I am speaking from personal experience when I say sometimes personal projects can be overwhelming. You have an idea and can't stop thinking about it and it grows into a much more complex idea. You finally get the chance to sit down and code but your keyboard doesn't get much use since you are stuck on the age-old question: "Where do I start?". I recently went through this and ended up getting so overwhelmed with everything that needed to be done that I completely scrapped the project. As I look back on what went wrong or what I could have done better I can pinpoint 3 principles that could have helped keep me on track and make things a little less overwhelming. Timeline, Reason, and Procedure.
In this article, we will take a look at each one of these principles and how they can help you successfully start and complete a web project. While these principles alone won't take you over the finish line (you still need to build it) they should serve as a framework of sorts for how you approach starting a personal project.
Defining a Timeline
One area I think is the most important is establishing a timeline. When are you going to build this project? How long do you think it will take to complete? How much time can you devote to this project on a normal day? These are the questions you should be asking yourself. If you don't allow yourself enough time, the project won't seem to be making enough progress and you risk running out of steam and burning out.
Using a kanban-style board to break up your project into micro-tasks can be especially helpful when trying to visualize. If the service you are using to keep track of your project supports time estimates I would highly suggest taking advantage of that. You don't need to be 100% accurate and it's not a huge deal if you go over or under. What matters is that you can now visualize how much time you will need to complete x or y. Let's say you can devote 3 hours a day to this project, you can do three 1-hour tasks or one 3-hour task. Because you gave those time estimates you aren't going to need to worry about starting something you can't finish. If you have a few tasks that exceed what your normal time allotment is, consider breaking up that task into a few smaller tasks that are easier to manage.
Understanding the Reason
Why are you building this project? Are you trying to build a portfolio to get a new job? The reason needs to drive what you do. If you have a clear definition of why you are building the app, decisions can be influenced and will ultimately be easier to make. If you are building a portfolio in the hopes of landing a new job, then that reason should drive you to display some of your previous work on your site or have a link to your GitHub front and center.
I'm not a designer by any means and that is usually my biggest pain point when starting a new project. What should it look like? I usually will sketch out a mockup as I find that wireframe/mockup tools are a little out of my league when it comes to making something that looks pretty, whereas a simple rectangle with some squiggles on a piece of paper does the trick for me. When I get stuck with how it should look I look back as to why I am building this. Again, if you are looking for a job and building a new portfolio site, what do you think your "target audience" would want to see as the first thing? Some quick information about you with easy navigation to other areas of the website/social networks. All of my lapses in design can be filled in by understanding the reason behind the application.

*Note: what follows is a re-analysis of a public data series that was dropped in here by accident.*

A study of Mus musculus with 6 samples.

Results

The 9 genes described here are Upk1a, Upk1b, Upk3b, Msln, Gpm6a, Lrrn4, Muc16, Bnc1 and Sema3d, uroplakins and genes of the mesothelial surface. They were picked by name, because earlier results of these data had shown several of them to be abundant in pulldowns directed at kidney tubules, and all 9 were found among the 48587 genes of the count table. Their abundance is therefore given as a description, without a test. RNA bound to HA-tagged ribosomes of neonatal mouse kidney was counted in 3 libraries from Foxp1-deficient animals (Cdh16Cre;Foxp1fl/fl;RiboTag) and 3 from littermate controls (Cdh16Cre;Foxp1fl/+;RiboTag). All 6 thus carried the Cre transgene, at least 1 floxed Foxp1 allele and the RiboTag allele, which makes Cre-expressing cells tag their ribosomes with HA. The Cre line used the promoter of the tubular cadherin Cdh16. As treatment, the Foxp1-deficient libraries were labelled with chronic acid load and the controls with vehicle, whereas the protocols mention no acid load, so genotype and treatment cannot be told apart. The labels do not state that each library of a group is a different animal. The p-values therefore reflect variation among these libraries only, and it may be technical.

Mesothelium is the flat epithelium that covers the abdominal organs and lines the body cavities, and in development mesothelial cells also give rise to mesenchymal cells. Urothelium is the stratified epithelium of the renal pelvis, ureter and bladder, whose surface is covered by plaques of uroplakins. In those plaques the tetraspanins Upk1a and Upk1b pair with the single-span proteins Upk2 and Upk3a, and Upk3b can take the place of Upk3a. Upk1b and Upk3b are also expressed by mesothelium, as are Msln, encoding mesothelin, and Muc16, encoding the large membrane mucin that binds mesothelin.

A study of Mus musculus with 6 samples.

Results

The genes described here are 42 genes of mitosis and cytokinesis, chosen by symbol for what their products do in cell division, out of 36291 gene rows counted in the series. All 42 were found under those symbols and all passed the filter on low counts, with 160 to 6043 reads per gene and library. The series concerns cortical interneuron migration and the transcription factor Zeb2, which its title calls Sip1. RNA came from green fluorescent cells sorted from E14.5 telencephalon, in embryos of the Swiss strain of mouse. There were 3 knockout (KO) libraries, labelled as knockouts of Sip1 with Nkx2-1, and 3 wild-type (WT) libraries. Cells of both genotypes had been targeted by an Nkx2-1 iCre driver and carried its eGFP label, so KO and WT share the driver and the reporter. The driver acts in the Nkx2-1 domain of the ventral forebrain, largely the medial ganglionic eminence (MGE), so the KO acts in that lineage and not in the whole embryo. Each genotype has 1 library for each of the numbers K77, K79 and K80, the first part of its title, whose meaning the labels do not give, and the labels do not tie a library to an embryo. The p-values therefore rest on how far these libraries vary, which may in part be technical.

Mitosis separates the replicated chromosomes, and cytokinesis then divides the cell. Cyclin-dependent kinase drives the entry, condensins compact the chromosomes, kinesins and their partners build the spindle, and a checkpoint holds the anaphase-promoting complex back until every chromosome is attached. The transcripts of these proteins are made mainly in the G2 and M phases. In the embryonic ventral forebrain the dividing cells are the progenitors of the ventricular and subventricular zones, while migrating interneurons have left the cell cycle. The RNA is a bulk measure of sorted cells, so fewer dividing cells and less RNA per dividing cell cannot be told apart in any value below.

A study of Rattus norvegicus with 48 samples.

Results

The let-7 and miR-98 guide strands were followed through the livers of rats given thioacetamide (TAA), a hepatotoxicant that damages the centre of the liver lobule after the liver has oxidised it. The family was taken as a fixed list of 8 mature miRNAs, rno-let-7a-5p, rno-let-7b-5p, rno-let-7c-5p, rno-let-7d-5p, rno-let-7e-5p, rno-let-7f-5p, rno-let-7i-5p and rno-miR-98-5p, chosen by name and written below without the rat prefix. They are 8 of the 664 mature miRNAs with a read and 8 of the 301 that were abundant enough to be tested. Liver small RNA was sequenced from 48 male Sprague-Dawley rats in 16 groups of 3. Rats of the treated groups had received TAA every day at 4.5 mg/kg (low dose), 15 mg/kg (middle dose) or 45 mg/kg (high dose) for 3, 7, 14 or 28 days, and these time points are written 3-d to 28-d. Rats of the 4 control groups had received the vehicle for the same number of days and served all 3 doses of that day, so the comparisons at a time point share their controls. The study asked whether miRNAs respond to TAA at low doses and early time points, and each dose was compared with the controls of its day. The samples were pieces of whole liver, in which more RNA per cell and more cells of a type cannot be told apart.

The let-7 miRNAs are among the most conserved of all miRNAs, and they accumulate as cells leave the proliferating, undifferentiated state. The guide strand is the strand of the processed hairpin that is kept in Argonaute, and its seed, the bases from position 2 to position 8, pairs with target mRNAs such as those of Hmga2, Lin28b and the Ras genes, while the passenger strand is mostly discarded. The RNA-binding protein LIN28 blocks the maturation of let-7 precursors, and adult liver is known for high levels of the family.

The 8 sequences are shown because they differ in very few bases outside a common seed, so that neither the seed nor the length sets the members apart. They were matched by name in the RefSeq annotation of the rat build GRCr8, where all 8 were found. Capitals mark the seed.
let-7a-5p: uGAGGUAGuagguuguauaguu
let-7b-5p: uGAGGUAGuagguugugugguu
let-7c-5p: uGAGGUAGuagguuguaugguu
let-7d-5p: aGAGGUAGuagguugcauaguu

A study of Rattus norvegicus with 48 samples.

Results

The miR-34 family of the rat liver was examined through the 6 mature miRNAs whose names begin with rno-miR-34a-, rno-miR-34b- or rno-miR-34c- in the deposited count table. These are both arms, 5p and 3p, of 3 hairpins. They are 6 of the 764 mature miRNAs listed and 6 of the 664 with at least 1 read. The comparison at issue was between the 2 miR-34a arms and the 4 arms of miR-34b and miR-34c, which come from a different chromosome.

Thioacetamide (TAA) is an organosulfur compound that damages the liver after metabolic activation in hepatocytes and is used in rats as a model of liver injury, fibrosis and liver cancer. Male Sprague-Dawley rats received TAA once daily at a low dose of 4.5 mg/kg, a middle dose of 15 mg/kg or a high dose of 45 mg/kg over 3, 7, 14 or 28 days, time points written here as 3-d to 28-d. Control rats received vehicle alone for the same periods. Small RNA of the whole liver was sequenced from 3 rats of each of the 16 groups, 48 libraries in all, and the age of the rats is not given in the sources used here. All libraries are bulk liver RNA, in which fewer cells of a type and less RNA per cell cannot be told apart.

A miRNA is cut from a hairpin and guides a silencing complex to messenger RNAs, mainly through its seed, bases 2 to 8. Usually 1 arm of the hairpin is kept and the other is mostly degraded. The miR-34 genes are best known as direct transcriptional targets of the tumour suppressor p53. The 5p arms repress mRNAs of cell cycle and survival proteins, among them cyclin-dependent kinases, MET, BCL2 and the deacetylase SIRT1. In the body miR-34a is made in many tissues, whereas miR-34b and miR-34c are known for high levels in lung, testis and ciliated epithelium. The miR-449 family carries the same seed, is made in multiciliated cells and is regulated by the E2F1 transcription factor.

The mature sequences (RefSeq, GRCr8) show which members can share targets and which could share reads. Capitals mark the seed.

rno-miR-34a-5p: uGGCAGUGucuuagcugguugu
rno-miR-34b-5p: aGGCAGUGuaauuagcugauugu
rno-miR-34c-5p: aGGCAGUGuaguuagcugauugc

Outlining your Procedure
When it comes to a new project it is helpful to know what you are building and how you are going to build it. What tech stack are you using? How will your users be able to utilize the main concept of your application? By outlining this you are going to be much more organized and your project boards will thank you.
I have started a project using a single tech stack, then migrated to another halfway through because I made the wrong decision. I spent a lot of time converting from one framework to another and that time could have been put towards active development instead. This is a costly mistake and once that can be prevented by having a clear procedure in place.
Another thing that can be difficult is knowing where to start. A phrase I often say to myself is "It all starts with a button". Meaning if you don't know where to start why don't you work on button styles? Let's say you have a sketch or a mockup available, scan through the page and make note of the different components/elements in use. You will most likely have a button or link that needs to have a consistent appearance. While you are more than welcome to start building any other component/element it can be handy to always have the same starting place.
All three of these principles should work together to help you achieve success. Defining a procedure will help you have an accurate timeline which will help keep your dev hours to a level compatible with your schedule. Understanding the reason behind your development will help inform the decisions you need to make for your procedure. I'm building this portfolio to get a job as a React dev, so I should build my portfolio in React. I wish you the best of luck in your endeavors and hope this article helps you succeed.